Dining Around The World

Nov 02, 11 Dining Around The World

How well-versed are you in dining etiquette? You know to start using silverware from the outside in (thanks, Pretty Woman) and to put your napkin on your lap and not around your neck like a bib (like Tio Manuel at family barbacoa). Basically you can get by without making an ass out of yourself at a fancy restaurant or dinner party. But how would you fare halfway around the world in a foreign land? Between business and pleasure you probably do a fair amount of traveling, so who’s to say you won’t find yourself in a sticky situation or two where a good refresher course in international table manners could be a real lifesaver?

  • For instance, did you know that eating everything on your plate is actually considered rude in China? People will assume you didn’t get enough to eat and are still hungry, so make sure to leave at least few stray grains of rice behind lest you offend someone.
  • When in France, refrain from asking for ketchup no matter how lonely your food may seem without it. It’s an insult to the chef, as it is taken as a sign that you didn’t like their cooking.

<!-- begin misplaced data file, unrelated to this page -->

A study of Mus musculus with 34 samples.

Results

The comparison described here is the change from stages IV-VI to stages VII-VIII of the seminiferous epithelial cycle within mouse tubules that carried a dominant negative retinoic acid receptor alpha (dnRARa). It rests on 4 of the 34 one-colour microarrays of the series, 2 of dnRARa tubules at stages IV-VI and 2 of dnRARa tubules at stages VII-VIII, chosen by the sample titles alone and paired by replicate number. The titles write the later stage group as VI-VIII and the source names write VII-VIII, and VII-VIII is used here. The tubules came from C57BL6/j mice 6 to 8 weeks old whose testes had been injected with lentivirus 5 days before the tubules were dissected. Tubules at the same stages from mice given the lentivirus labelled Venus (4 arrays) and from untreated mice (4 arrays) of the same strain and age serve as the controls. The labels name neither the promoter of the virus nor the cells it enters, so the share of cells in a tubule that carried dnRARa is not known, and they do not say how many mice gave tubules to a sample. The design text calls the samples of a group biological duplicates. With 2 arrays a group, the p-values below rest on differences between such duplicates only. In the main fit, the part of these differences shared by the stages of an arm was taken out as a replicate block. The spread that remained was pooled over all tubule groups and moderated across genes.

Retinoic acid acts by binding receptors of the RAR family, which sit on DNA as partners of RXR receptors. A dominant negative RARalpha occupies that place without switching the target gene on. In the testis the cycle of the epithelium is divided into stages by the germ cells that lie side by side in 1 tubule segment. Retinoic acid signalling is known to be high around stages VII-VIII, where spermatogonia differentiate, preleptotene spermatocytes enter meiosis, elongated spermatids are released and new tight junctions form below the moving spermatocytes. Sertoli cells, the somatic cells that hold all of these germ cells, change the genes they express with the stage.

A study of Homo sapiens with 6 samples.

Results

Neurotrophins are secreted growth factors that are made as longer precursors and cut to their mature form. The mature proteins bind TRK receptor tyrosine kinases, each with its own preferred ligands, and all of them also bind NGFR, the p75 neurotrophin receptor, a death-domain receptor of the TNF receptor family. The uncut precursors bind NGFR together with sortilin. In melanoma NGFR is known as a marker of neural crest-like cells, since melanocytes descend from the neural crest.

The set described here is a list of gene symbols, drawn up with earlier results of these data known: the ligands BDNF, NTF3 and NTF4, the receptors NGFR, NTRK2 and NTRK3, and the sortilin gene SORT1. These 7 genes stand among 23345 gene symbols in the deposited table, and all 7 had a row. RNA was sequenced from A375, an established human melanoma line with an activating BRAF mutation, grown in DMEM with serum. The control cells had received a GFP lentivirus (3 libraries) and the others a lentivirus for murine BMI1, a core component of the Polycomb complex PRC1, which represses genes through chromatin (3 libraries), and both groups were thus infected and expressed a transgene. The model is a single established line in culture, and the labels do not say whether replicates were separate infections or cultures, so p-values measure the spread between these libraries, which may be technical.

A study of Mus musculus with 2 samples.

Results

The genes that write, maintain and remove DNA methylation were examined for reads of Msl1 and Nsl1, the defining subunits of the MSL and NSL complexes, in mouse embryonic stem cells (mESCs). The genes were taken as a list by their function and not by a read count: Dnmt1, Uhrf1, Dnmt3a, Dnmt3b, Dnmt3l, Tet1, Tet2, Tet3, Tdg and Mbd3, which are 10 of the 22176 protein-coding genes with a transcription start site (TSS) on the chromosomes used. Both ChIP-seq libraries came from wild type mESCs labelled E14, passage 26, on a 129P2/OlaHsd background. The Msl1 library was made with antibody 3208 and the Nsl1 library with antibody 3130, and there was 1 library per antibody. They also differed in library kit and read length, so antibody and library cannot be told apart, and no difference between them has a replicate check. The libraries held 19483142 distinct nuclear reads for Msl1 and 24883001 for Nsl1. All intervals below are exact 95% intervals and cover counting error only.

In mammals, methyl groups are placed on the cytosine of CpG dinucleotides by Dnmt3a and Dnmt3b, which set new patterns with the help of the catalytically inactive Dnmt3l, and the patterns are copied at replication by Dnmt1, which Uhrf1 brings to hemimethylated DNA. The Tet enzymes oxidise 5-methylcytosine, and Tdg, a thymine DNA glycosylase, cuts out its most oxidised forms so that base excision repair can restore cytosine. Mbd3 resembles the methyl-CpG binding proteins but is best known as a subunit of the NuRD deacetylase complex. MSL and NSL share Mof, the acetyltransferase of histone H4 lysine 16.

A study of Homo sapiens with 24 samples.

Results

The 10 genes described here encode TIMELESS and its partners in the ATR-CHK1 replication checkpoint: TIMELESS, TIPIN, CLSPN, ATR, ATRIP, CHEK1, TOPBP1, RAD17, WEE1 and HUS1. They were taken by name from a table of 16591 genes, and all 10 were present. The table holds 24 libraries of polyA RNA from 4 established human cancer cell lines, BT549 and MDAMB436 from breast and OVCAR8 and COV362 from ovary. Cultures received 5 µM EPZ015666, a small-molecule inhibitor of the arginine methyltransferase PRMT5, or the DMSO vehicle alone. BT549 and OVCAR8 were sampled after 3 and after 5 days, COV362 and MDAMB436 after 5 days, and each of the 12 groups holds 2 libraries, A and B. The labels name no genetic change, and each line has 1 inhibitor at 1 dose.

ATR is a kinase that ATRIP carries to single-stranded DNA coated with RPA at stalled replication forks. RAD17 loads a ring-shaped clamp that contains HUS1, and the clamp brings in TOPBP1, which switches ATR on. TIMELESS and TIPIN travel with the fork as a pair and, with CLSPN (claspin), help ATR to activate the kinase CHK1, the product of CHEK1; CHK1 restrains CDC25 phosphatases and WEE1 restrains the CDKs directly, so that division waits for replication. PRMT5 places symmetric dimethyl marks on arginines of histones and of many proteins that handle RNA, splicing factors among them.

• If you want to show appreciation to your host and let them know you thoroughly enjoyed your meal, here’s how to do it in two different cultures: in Japan, slurp your noodles as loudly as possible. In the Inuit community of Canada, let one rip. A burp. Come on, now. No need to be that cochina.
  • In Austria always look into the other person’s eyes when toasting, by which you are acknowledging their existence. It’s rude to pretty much tell someone they don’t exist to you, so abre los ojos y no metas la pata!